New rides in the amusement industry often seem to follow a cyclical pattern. Over the years, a wide variety of ride types have ebbed and flowed in popularity, including times when simulators or 3D or raft rides were the latest hot option. Through it all though two ride types have seemed to endure longer than others.
The first and most obvious example is the roller-coaster. While the sub-categories have spanned from standing coaster to inverted ones to flying versions (and many others), as a whole, coasters have remained consistently popular.
Though coasters are king, another ride type that has aged well is the dark ride. Like roller coasters, the subcategories of dark rides have evolved in many different directions. This has included several instances (such as Universal Orlando’s Spiderman and Harry Potter attractions) where the dark ride and coaster types almost seemed to merge.
Indeed, over the years, dark rides seemed to have taken on edgier and more thrilling themes and execution. Examples include Universal’s Men in Black and its alien battle theme as well as the award-winning Curse of DarKastle at Busch Gardens Williamsburg and Universal Hollywood’s $100 million dollar Transformer attraction. In each of these cases, either height restrictions and/or more intense theming made the dark rides less oriented to all ages than classic predecessors such as It’s a Small World and Spaceship Earth at Epcot.
This trend toward the darker side of dark rides seems to be shifting in recent years though. Several large parks are installing major new dark rides whose level of intensity is dialed down to something much closer to earlier dark rides that entire families enjoyed together.
The leader in this trend is Disney and the $250-plus million dollars it has spent in recent years to introduce new family-centric dark rides. In each of these instances, Disney eschewed height restrictions and intense theming for calmer rides that, even when they contained an interactive component, did so in a more whimsical way.
A perfect example of this is the Toy Story Mania attraction at Disney California Adventure, Disney’s Hollywood Studios and Tokyo DisneySea. According to two former Imagineers we spoke with, Toy Story Mania was intended from day one to replace heart-stopping thrills with eye-opening visuals. While it does contain a shooting element similar to Universal’s Men in Black, the 3D visuals are decidedly less intense.
Instead, Toy Story Mania took the shooting dark ride concept and revamped it into a series of fair-like games, none of which involved killing bad guys. This repurposing has allowed all ages to ride the attraction and, by doing so, has, according to several sources, made the Toy Story Mania attractions one of the most popular rides at their respective parks.
Apparently sensing the value in moving away from thrill-based dark rides, Disney recently took another step back toward the classic dark ride when it debuted Little Mermaid dark rides at both California Adventure and as one of the signature pieces of its re-imagined Fantasyland at the Magic Kingdom. These rides even more closely resemble traditional dark rides such as Peter Pan’s Flight and Mr. Toad’s Wild Ride in that they replace the shooting element with a series of set pieces that take the rider through a story.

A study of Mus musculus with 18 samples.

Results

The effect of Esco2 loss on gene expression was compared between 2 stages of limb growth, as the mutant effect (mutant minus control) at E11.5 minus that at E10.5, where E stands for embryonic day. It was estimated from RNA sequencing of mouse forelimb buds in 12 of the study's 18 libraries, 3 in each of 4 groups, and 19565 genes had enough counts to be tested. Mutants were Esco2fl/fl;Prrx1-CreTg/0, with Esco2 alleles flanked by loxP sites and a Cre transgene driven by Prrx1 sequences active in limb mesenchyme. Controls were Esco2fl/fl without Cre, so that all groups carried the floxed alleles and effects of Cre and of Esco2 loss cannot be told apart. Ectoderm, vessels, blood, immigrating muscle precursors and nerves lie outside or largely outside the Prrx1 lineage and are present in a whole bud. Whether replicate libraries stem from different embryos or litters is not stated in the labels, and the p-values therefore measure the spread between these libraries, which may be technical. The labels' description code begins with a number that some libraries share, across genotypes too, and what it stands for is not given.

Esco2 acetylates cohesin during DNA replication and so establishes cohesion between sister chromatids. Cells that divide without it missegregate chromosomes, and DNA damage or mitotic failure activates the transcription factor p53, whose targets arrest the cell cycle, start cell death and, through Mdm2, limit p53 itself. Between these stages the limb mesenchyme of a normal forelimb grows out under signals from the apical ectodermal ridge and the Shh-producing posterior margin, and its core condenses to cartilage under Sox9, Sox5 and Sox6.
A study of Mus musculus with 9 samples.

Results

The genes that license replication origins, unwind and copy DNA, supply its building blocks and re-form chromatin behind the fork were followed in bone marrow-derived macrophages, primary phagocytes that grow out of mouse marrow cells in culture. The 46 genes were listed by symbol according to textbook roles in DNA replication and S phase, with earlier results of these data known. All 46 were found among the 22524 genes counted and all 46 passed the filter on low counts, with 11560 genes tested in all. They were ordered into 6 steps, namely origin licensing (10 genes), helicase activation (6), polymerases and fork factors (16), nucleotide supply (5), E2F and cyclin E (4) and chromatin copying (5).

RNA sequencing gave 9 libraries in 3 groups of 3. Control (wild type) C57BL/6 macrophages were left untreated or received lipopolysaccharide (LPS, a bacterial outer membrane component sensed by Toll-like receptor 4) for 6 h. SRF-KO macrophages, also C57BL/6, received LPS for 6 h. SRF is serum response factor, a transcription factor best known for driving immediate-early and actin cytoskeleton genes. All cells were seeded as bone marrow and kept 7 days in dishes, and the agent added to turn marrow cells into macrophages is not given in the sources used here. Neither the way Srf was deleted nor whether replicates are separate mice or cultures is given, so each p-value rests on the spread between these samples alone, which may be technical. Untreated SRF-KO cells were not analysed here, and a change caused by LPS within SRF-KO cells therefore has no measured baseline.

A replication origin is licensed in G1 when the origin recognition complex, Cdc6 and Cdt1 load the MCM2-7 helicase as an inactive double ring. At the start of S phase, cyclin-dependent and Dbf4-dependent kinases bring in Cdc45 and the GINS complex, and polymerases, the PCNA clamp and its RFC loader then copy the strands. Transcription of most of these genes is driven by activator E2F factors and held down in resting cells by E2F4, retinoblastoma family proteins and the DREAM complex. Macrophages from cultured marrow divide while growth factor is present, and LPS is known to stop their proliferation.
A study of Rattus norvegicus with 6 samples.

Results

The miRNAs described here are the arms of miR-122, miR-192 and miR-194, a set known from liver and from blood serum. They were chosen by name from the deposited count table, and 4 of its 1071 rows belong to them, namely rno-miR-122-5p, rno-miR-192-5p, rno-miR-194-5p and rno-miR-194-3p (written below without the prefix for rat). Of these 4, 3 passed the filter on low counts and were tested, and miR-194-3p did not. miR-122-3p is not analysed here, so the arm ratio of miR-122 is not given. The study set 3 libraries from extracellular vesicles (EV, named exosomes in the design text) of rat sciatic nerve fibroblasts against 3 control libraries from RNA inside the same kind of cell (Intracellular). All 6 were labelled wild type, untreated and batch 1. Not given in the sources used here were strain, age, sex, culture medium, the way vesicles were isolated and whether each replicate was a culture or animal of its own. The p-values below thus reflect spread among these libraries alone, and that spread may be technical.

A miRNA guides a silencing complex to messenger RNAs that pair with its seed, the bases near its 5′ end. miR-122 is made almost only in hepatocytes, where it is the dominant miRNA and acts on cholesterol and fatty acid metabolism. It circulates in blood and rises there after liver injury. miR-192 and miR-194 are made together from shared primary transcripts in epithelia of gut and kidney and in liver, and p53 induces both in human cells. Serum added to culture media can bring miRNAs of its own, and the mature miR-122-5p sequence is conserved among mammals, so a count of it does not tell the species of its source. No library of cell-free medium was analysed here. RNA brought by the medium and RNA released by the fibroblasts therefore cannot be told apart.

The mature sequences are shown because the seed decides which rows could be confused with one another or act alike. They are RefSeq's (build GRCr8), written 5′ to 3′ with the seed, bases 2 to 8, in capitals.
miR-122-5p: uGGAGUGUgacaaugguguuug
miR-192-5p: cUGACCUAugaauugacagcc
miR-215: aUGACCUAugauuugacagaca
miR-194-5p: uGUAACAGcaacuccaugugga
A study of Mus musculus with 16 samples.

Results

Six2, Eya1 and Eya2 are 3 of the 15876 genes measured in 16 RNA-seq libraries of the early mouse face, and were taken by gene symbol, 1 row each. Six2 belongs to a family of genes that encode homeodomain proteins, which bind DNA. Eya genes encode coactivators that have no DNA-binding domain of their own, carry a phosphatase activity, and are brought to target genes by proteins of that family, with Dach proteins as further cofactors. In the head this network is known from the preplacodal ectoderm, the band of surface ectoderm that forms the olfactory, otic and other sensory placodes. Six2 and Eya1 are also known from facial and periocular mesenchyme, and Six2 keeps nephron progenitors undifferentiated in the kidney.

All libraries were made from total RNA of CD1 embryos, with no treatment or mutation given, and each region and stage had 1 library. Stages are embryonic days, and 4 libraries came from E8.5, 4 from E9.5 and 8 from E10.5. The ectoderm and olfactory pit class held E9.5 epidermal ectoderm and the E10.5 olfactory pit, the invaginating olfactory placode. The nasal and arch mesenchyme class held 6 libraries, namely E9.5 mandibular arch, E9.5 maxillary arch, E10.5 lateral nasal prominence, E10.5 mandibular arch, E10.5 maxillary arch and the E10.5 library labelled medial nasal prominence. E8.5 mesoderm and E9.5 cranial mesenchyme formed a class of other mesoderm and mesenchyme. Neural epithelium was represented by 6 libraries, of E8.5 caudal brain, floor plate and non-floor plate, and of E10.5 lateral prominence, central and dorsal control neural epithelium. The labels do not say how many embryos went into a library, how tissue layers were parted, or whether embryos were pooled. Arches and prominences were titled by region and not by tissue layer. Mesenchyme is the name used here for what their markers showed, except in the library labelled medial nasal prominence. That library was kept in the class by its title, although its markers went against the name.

Being that we are in the age of thrills, thrills and more thrills, this much tamer approach might seem counterintuitive. That assumption, however, would miss the larger picture that a park filled with height-restricted dark rides aimed at teens and young adults makes for a fairly narrow audience reach.
Disney has seemed to sense that, in recent years, the move toward thrill rides might have gone too far in one direction. Indeed, in many ways, it was Walt Disney himself who originally advocated for and generally built attractions that entire families could enjoy together.
This means, of course, that family-centric dark rides cannot be too tame so as to become boring for everyone except young children. That’s why Disney developed cutting edge imagery and effects for both the Toy Story Mania and the Little Mermaid dark rides. The result is something similar to a Pixar movie: an experience that appeals to different individuals on different levels. By adding this “depth of experience” to a family dark ride, parks can broaden the potential guest pool and protect new dark rides from being stereotyped as a “kiddie ride.”
Sure, you might end up losing some of the hippest teenagers who wouldn’t be caught dead on a cartoon character-themed ride, but that’s a small segment compared to what your facility might gain in everyone else.
Whether Disney’s move toward family dark rides is an exception or a new norm is yet to be decided. But, even a casual walk through the floors of the IAAPA Attractions Expo reveals that family friendly attractions (including dark rides) are growing in popularity.
Indeed, now might be the perfect time to reconsider those high dollar plans for the latest high tech thrill coaster and replace them with a richly themed family dark ride.
(Reach Contributor Chad Emerson at firstname.lastname@example.org.)